Sci-fi horror-action-RPG Atomic Heart has drawn attention for its innovative and bizarre premise since its reveal back in 2018. Taking place in an alternate universe where advanced robotics and technology are already in the hands of the USSR, Atomic Heart’s BioShock style world is filled with both wonders and horrors. The game’s plot is rather hazy, but developer Mundfish offered this: “The game kicks off when robots start attacking people. P-3 will have to investigate what has caused all these events and deal with what (or who?) is behind all of this.”
While Atomic Heart has already been confirmed to be releasing on both the PlayStation 4 and Xbox One (as well as Steam), its newest trailer confirmed plans to bring the title to the next-gen PlayStation 5 and Xbox Series X consoles, allowing the game’s performance to reach the next level.
“Our game will have no loading screens due to [the] fast SSD,” Mundfish told IGN. “Next-gen hardware also provides an exclusive opportunity to fulfill our artistic vision and deliver our game with stunning visuals with no downgrading, which was absolutely essential for current-gen.” Loading screens are notorious for being immersion-breaking in most games and downright excessive in some, so seeing that next-gen consoles give developers the power to phase them out completely is definitely a promising feat.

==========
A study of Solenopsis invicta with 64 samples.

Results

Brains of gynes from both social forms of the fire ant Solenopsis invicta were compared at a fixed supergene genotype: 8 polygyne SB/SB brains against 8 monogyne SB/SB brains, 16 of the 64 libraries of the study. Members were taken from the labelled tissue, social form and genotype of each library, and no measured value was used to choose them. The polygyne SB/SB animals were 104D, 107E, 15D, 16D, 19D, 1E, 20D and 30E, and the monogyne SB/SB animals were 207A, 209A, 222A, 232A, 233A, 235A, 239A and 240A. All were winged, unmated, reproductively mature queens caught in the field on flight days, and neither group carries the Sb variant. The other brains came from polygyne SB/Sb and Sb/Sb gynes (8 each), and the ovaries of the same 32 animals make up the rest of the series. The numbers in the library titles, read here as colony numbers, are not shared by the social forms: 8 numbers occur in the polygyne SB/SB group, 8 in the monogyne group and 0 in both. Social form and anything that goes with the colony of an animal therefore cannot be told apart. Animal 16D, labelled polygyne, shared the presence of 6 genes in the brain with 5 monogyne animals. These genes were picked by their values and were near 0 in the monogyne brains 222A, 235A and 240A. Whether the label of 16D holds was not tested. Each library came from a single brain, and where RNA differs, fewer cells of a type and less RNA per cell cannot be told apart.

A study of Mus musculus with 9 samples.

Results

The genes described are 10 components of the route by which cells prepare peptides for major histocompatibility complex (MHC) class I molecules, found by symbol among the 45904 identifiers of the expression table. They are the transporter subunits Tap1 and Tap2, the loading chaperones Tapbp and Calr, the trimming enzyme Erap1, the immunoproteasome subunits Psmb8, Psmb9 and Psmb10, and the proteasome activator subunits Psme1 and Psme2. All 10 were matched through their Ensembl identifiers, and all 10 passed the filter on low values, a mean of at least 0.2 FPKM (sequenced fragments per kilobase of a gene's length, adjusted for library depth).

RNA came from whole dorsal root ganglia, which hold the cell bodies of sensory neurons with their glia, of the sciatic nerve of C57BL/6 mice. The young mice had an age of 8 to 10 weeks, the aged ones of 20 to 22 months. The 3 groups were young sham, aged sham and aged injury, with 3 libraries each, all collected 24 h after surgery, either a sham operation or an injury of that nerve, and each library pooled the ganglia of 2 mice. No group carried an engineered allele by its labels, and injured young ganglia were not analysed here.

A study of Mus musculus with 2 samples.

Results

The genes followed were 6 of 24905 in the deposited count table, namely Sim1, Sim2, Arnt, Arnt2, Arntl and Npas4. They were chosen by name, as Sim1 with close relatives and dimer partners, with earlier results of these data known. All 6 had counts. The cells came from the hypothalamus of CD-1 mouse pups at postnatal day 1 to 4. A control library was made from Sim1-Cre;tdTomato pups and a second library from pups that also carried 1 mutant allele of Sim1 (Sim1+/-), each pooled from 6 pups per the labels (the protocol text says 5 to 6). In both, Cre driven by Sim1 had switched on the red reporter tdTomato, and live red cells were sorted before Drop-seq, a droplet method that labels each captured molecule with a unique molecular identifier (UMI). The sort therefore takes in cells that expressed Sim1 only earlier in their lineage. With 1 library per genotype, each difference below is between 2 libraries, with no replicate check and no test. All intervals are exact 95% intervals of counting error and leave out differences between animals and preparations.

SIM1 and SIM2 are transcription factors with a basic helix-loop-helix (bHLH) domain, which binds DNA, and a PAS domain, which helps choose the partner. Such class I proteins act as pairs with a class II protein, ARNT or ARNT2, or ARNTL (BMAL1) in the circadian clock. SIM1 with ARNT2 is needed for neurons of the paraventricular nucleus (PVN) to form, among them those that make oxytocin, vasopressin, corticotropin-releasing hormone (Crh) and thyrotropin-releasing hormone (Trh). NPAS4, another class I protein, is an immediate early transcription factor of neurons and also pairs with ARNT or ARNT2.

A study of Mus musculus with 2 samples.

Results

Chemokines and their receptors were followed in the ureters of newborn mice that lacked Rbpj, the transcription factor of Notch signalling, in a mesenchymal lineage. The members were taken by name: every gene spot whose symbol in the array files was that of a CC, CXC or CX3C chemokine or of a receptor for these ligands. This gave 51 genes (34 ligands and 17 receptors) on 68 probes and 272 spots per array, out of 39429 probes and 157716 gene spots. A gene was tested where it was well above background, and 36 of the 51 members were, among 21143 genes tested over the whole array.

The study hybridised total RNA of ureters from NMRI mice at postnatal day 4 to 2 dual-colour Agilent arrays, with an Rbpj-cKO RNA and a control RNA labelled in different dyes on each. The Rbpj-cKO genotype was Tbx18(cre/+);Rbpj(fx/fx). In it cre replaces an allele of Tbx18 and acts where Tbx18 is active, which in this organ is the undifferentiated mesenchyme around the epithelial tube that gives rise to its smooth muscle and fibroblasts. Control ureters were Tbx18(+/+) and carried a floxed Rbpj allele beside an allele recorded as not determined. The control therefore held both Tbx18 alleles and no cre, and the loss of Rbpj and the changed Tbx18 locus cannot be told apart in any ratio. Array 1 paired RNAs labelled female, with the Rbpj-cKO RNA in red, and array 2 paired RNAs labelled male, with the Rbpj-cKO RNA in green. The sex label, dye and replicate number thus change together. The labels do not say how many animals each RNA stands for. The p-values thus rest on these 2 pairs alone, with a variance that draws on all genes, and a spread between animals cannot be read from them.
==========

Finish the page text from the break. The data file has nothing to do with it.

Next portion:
Speaking of promising, it seems that Mundfish isn’t slouching on the game’s soundtrack either – the endlessly talented Mick Gordon (composer for games like DOOM, Wolfenstein, and Killer Instinct) will be composing Atomic Heart’s soundtrack. “He is taking part in music production along with our in-house sound team,” said Mundfish. “You will have an opportunity to experience both recognizable Mick Gordon’s sound and the initial vision of our team we have started with.”
While a project this ambitious could easily prove quite a challenge to develop in the wake of the COVID-19 pandemic, Mundfish seems optimistic about the game’s future.
“We’ve had our part of issues with COVID, but that just made us stronger in the end. We’re in active development,” said Mundfish.